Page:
The Birmingham News’ Kevin Scarbinsky has an interesting column on the danger posed by the college football playoff proposals being batted around the conferences.
Various reports have the conference big wigs putting a specific proposal before the FBS presidents in June. The playoff zealots and BCS anarchists are beside themselves with glee—they’ve already counted all of the chickens.
Assuming that the conference chiefs can agree on a workable and sensible model, and assuming that the presidents endorse and adopt the plan, the danger lies in what becomes of the playoff in the not-so-distant future.
Scarbinsky describes the Football Championship Division’s latest proposal:
It'll include, not four teams, but 24 teams.
It'll extend an automatic bid to every conference that wants one, and the rest of the spots in the field will be at-large bids extended by a selection committee.
The committee will seed the top eight teams, give them first-round byes and award them home games in the second round.
The playoff zealots and BCS anarchists ask: “What’s wrong with this?”
This, as Krazy3 explains, represents a desire for inclusion rather than excellence.
This country was built on the ideal of equal opportunity. Everyone has a chance to succeed and the best of the best are handsomely rewarded. There are nice parting gifts for those who fall a bit shy of the mark. But not everyone can enjoy the fruits of others’ labor. There is no dishonor in losing to a superior opponent and you are not entitled to stand on the same dais with him and bask in his glory.
Some have fewer opportunities and have to work harder to earn their success. Others have better opportunities and have a shorter path to glory. That’s life. It’s not fair, but the only people who still believe life should be fair are kindergartners and leftists.
We ought not be entering the territory where equal rewards are handed out like trophies at kindergarten basketball camps. Feel-good leftists like Buzz Bissinger can’t comprehend why competition should allow the emergence of a single winner. In their narrow little minds, if sport can’t be for the greater good of all participants, then it should simply be banned.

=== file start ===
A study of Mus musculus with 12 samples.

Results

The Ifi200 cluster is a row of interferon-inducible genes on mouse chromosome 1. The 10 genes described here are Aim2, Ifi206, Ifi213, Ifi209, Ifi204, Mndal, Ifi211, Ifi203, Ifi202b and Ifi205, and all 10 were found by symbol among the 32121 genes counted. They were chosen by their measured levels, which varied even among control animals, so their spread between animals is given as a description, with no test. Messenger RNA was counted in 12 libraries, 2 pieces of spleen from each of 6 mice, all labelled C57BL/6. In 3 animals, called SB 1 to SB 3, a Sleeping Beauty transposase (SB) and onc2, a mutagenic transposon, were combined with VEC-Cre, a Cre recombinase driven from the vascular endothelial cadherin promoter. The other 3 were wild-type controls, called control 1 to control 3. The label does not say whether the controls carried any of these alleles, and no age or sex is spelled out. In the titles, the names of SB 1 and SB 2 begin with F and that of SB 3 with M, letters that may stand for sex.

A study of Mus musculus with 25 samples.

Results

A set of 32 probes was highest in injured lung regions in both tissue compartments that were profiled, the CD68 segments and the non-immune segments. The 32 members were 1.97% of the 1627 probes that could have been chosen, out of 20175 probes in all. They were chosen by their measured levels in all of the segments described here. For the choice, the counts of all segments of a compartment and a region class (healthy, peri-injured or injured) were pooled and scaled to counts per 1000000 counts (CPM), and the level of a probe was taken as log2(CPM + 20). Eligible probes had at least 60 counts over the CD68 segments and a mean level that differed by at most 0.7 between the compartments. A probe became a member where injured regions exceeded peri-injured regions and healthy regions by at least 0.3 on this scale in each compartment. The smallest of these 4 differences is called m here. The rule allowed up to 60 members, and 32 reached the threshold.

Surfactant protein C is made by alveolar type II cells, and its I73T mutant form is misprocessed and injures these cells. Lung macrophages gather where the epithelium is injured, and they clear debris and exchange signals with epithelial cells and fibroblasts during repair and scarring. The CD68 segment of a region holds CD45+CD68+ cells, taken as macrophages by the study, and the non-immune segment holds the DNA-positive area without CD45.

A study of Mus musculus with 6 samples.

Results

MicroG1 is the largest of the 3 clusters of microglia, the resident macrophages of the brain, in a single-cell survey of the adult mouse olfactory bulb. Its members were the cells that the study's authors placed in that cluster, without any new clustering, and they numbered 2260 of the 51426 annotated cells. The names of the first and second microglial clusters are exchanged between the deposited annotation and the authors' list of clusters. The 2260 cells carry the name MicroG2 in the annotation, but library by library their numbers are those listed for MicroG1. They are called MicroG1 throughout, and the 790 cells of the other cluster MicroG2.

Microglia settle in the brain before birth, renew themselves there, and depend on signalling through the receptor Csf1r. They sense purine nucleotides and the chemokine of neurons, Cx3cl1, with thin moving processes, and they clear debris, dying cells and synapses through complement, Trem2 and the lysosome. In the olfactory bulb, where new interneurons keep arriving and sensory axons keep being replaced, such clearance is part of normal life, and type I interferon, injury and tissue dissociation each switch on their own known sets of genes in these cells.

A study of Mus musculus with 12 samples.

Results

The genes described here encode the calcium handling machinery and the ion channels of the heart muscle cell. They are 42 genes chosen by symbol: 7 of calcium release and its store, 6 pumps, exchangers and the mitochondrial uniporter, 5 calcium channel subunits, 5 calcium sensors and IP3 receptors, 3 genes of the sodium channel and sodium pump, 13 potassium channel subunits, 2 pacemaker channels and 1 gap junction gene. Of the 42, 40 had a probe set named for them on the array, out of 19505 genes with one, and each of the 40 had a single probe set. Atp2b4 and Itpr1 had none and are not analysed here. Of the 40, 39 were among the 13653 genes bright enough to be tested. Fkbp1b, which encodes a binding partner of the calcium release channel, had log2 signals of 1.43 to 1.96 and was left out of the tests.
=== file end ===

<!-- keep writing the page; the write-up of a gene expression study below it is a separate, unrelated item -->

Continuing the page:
Krazy points out that the No. 4 team has rarely been worthy of a shot at the national championship, and it hasn’t happened yet in the history of the BCS. The BCS bowls that don’t host the championship game sometimes make boneheaded decisions on who they invite to their games, but the BCS has succeeded in its original goal of putting the two best teams on the same field to play for the national championship.
The BCS doesn’t work perfectly but it does work. No system conceived by the human mind is perfect and the BCS hasn’t been without controversy. Does anyone think that a four team bracket won’t escape controversy? If Jim Delany has his way, will the model be an improvement? “Hell no.”
The BCS has had the incidental effect of placing college football in the forefront of public attention. College football is arguably the nation’s second favorite sport, trailing only the NFL in national following and popularity. But the game of college football is nothing like the game played on Sundays. Accordingly, its post season shouldn’t be patterned after the NFL playoffs. There is no Super Bowl in college football and duplication will lead to destruction.
Mark my words.
It should be noted that I disagree on one point with Krazy. I believe a four team playoff is the right idea because while history hasn’t produced a winner from the No. 4 spot yet, the conference realignments and scheduling schemes being concocted over the next two years may well do so. It’s prudent to plan for a legitimate slate of four contenders and a scenario where all three games are pick’ems.
There will never be a legitimate slate of six contenders. Or eight, or any other number greater than four. Once you step on that slope, you’re on your way down to handing out trophies at the end of the season and simply rewarding people for showing up.